One concern for businesses when they consider converting the paper documents to digital ones is if they are admissible in court.
If they are admissible in court then calling up the local document scanning company doesn’t make sense.
Many of the documents that are saved are for operational purposes. But an even large volume is saved is for legal reasons. This may be obvious ones like contracts but it is also all of the backup required for legal filings.
So can all the documents be digitized or do you have to have a paper copy on hand for legal reasons?
Applicable Laws and Rules for Digital Legal Documents
Unfortunately there isn’t a uniform answer throughout the United States. There are two major laws that cover the requirements for documents in court.
They came about with the advent of microfilm and photocopies but are also applied to digital records.
The first law is the Uniform Photographic Copies of Business and Public Records as Evidence Act. It says that documents made by any “process which accurately reproduces or forms a durable medium for reproducing the original . . . is as admissible in evidence as the original itself.”
This covers both microfilm technologies, photocopies, and digital images.
The second rule that applies to digital records is The Uniform Rules of Evidence. It has been adopted by the United States federal courts along with most state courts.
This allows duplicate records to be admissible “to the sames extent as the original.” The rule stipulates that the copy “accurately reproduces the original.” Since a digital image is just a picture it would qualify.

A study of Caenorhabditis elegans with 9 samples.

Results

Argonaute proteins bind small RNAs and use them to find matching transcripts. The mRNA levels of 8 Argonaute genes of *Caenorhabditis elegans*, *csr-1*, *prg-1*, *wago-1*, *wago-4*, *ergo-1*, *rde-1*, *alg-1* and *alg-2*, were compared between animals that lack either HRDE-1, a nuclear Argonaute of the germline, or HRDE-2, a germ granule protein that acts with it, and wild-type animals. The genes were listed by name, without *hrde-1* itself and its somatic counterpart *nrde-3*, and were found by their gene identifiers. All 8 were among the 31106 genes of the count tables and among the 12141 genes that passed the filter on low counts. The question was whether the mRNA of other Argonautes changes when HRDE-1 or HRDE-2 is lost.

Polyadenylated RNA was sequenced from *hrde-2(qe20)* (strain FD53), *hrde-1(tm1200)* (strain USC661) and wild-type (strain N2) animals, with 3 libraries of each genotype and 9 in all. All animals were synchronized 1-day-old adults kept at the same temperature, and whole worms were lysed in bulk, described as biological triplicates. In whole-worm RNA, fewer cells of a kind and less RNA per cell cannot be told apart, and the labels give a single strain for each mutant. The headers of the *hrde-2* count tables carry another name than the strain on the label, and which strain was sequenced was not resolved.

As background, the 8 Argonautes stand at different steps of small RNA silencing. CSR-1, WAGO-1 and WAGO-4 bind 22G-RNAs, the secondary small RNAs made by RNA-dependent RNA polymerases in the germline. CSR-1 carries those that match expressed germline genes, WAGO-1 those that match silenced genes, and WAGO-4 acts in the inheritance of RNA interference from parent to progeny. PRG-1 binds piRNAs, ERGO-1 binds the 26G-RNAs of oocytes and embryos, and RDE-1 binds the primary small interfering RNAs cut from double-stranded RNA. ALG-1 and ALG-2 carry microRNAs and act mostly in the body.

A curious twist is from the requirements of the Securities and Exchange Commission (SEC) regulation 17 CFR 240.17a-4(f). It mandates that “the electronic storage media must: preserve the records exclusively in a non-rewriteable, non-erasable format.” It is the only requirement for a medium that must be used for the storage of digital records.
This can make the use of cloud storage solutions for records that are being saved for SEC requirements to be problematic.
Should I store Legal Documents or Scan Them?
So after the conversion is there any requirement to save the paper records or can you reduce your records storage requirements?
The answer is yes. Once you have digitized your records you can shred all the paper.
The one thing that must be said is to keep a backup of all your documents. Make sure one version is kept in an offsite location.
Keeping that in another part of the country is an even better idea. The one requirement would be to make sure you have adequate security on any servers where the documents are stored.